My engagement for the redesign of this existing business-critical application started with a week of user interviews at their Stamford, CT headquarters. After identifying the different user types, their roles, goals, and pain points, we set out to meet with everyone and watched them use the current application the way they normally would.
Sifting through the week’s worth of notes, I then drafted a report showing the key findings and recommendations. Because the scope of this project was somewhat limited, I also needed to assign levels of priority and effort involved for these, in order to come up with a plan of attack.
With our priorities now in place, I then worked on interactive wireframes, solving many of the important UI issues that were presented. I introduced a new global navigation, allowing users easy access to the entire application with just one click. I also amped up their Quick Search feature, using auto-suggestion to quickly find anything; from a specific fund, a product, or even a contact person. A new Dashboard also gave users the ability to fully customize their starting page, using drag & drop modules and giving them access to important tables, graphs, and charts.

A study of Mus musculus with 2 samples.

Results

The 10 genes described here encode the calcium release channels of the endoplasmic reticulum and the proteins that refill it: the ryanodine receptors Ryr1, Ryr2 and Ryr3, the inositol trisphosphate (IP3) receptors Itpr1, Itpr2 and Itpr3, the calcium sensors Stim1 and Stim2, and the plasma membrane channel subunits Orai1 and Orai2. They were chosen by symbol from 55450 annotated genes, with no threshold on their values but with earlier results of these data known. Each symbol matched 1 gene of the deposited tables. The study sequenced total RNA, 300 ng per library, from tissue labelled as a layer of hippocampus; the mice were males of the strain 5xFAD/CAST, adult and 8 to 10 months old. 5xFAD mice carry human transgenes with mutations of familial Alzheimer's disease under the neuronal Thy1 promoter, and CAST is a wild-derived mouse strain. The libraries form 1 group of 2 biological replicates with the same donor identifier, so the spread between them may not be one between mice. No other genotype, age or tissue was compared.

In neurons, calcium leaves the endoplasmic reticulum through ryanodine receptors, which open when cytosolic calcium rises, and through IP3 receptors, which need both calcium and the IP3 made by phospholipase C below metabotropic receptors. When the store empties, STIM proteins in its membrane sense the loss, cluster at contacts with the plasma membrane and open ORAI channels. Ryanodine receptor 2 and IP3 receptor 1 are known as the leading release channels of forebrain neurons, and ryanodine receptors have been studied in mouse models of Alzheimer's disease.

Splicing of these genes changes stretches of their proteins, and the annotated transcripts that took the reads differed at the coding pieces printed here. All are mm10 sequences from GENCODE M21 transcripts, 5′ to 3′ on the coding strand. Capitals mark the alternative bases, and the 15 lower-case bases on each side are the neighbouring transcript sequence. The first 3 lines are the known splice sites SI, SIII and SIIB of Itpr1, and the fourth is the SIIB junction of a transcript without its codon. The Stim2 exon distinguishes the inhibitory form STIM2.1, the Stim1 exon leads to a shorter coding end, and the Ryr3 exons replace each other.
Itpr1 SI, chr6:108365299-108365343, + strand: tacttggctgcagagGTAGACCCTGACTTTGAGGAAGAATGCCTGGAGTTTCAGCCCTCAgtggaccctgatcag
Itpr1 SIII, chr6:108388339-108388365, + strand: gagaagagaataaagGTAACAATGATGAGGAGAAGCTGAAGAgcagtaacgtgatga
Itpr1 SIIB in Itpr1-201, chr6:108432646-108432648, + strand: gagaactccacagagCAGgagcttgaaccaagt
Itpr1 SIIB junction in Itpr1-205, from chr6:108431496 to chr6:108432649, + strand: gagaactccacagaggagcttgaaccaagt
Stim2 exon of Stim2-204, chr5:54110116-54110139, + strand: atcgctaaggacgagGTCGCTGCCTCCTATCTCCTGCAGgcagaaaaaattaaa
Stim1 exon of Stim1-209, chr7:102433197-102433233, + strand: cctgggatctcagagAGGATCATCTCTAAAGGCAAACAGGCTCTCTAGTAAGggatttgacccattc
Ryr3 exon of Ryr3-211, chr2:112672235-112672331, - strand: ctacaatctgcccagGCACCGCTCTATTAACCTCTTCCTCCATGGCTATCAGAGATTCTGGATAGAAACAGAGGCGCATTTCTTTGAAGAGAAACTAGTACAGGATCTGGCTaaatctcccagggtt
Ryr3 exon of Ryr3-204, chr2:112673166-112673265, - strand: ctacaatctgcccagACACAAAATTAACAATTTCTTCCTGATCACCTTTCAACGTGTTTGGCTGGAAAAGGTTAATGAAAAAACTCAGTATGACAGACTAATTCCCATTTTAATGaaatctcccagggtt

Lots of other improvements were made, such as inline editing of information, adding Favorites for frequently-accessed data, and contextual menus which give users quick access to functionality right on the spot. And because these users are familiar with the workings of huge Excel-like tables on a daily basis, I also created the ability to customize their table views and save them for later use.
The application's look and feel also needed to be refreshed. It lacked any sort of brand, and the complete lack of design made users dread having to use it every day. Because this is used all day, and throughout the day, we needed a design that felt elegant, but that was also easy on the eyes. By using softer hues and larger fonts, I was able to create a design that felt friendly, and that still put the data front and center. I then delivered a Style Guide, helping the developers carry forward the visual design in a consistent fashion.
Because this was a somewhat limited engagement, yet had many problems still left to fix, I also put together a UI Recommendation Patterns document, which acted as a go-to reference for developers going forward. Aside from some initial on-site interviews and occasional in-person meetings, the work was all done remotely, as with all my projects. Regular conference calls and web reviews kept this project moving forward in a timely and structured manner.